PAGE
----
Fertility Tests – Female
Blood Investigations are done to assess egg reserve and rule out any major hormonal ,medical or infective condition which may be contraindicatory to treatment or pregnancy. Thalasemia is done so that it is not passed on to the baby and Rubella IgG is tested so that the lady is adequately immune.
- FSH, LH, Serum estradiol, AMH
- Thyroid profile
- Blood Sugar
- Rubella IgG
- Viral markers
Hysterosalpingography (HSG) and sonosalpingography are both diagnostic imaging techniques used to evaluate the female reproductive system, specifically the uterus and fallopian tubes. However, there are differences in how they are performed and the imaging modalities used:
- Hysterosalpingography (HSG) : HSG is a radiographic procedure that uses X-rays to visualize the uterine cavity and fallopian tubes. During the procedure, a contrast dye is injected into the uterus through the cervix, and X-ray images are taken as the dye fills the uterus and flows through the fallopian tubes. This helps identify any abnormalities, such as uterine malformations, blockages, or tubal patency issues like Hydrosalpinges. HSG can be useful in diagnosing causes of infertility or recurrent miscarriages.
- Sonosalpingography (SSG) : Sonosalpingography is a similar procedure to HSG, but instead of using X-rays, it utilizes ultrasound imaging to visualize the reproductive organs. In sonosalpingography, a saline solution or a contrast agent is injected into the uterus through the cervix. The fluid fills the uterus and flows through the fallopian tubes while ultrasound imaging is used to monitor the process in real time. This allows the examiner to assess the shape and condition of the uterus and detect any abnormalities or blockages.
The choice between HSG and sonosalpingography may depend on several factors, including the availability of imaging equipment, patient preference, and the expertise of the healthcare provider. Both procedures have their advantages and limitations, and the specific circumstances of each case will determine which one is more appropriate.
It’s important to consult with a healthcare professional to determine the most suitable diagnostic imaging technique based on your specific needs and medical history. We perform SSG at our centre under deep sedation as without it , it can be a painful procedure.
The role of Transvaginal Ultrasound (TVS) in fertility is very important.
For a pelvic ultrasound one must have an empty bladder and one must be prepared for vaginal probe insertion. For women who have non-consummated marriage or do not want the probe to be inserted, we have the transabdominal scan done with full bladder. However transabdominal scan never gives as good a picture as transvaginal scans.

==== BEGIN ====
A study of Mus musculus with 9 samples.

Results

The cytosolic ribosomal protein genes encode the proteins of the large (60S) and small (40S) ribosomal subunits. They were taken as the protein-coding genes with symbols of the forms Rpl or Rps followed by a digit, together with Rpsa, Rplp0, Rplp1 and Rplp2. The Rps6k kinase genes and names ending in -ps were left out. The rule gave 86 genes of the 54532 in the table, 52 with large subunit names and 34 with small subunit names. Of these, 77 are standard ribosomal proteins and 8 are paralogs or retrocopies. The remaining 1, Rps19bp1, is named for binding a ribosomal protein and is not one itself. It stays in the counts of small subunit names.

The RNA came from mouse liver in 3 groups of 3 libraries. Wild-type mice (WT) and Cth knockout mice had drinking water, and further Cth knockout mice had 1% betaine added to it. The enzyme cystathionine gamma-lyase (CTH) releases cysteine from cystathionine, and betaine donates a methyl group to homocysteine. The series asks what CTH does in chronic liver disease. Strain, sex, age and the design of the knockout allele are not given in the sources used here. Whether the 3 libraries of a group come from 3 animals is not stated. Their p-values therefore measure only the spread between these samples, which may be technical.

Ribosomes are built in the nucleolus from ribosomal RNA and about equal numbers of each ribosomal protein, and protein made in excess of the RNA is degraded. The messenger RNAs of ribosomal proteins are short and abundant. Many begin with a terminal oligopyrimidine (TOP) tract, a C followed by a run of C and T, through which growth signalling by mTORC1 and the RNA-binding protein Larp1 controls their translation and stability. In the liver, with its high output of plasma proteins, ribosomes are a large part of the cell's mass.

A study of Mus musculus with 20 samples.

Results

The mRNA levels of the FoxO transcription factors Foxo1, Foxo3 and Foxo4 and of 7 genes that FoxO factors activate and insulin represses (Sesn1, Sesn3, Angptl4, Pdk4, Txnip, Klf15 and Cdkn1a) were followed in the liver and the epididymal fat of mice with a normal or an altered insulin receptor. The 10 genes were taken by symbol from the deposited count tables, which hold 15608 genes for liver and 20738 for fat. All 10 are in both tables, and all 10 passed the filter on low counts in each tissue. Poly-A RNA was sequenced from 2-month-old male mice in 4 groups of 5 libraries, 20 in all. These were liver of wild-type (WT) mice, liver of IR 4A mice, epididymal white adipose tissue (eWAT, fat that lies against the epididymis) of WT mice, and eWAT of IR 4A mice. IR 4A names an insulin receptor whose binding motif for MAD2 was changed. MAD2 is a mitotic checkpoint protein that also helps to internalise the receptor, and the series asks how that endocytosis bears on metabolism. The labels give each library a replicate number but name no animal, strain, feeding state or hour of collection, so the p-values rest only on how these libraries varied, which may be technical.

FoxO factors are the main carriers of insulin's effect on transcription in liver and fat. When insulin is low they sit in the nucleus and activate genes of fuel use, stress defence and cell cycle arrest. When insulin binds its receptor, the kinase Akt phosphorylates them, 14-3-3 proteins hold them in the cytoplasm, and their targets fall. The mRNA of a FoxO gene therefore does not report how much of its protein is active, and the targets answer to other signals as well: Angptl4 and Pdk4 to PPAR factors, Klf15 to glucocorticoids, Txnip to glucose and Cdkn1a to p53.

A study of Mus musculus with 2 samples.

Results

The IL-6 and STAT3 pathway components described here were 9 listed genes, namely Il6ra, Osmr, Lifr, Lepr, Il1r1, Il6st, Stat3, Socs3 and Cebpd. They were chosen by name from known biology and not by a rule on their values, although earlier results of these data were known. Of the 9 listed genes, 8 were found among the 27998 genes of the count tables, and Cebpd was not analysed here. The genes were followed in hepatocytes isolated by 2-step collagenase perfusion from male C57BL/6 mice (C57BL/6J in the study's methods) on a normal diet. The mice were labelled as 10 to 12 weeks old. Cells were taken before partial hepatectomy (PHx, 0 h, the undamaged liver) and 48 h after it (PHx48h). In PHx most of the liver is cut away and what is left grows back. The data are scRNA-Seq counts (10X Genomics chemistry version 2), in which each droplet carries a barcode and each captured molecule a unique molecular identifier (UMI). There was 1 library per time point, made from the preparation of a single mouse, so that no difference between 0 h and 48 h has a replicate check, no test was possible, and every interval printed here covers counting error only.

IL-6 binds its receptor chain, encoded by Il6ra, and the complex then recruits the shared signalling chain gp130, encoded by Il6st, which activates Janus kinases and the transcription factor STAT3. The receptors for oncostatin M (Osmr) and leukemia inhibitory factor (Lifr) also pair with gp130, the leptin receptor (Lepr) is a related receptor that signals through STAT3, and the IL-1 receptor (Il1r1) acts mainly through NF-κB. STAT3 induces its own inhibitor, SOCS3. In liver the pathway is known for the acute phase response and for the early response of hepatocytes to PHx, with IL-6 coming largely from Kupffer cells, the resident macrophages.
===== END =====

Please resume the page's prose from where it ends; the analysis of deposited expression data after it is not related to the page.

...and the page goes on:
The Transvaginal Ultrasound gives an image of the ovaries, uterus and pelvic structures. It states the total no. of antral follicle count which indirectly reflects the ovarian reserve and helps us differentiate between low, normal and poly cystic ovaries. It also gives an idea of the uterus whether there are fibroids, polyps, and about the endometrial thickness. Along with this we come to know about the pelvic structures, cysts, hydrosalpinx and adhesions.
Pelvis ultrasound is usually done initially when the cycle starts, in which we see thin endometrium and the ovaries are quiet with no follicle/cyst formation. If the endometrium is thick or we see cyst formation, then blood estrogen levels are done to check whether that cycle is good enough for stimulation or not. The next scan is done depending on the procedure. TVS can be done in both 2D and 3D. 3D gives more clarity and is useful in uterine defects, hydrosalpinges etc. When we are trying to evaluate a lady for female fertility, we do another scan on the 15-18 day of the menstrual cycle and this gives a very important info about the endometrial thickness, which is key for the success of fertility treatment. A good endometrial thickness is between 8-10mm on day 15-18.
MRI – This is an advanced test which is used to find the exact location and size of fibroid, adenomyosis , endometriotic cysts and hydrosalpinges.
Diagnostic Laparoscopy and Hysteroscopy
Hysteroscopy is a procedure where we put a camera into the uterus and check whether there are any fibroids, polyps or adhesions.
Laparoscopy is a procedure where we put a telescope into the abdomen and check the outer part of the uterus, tubes and ovaries with our own eyes.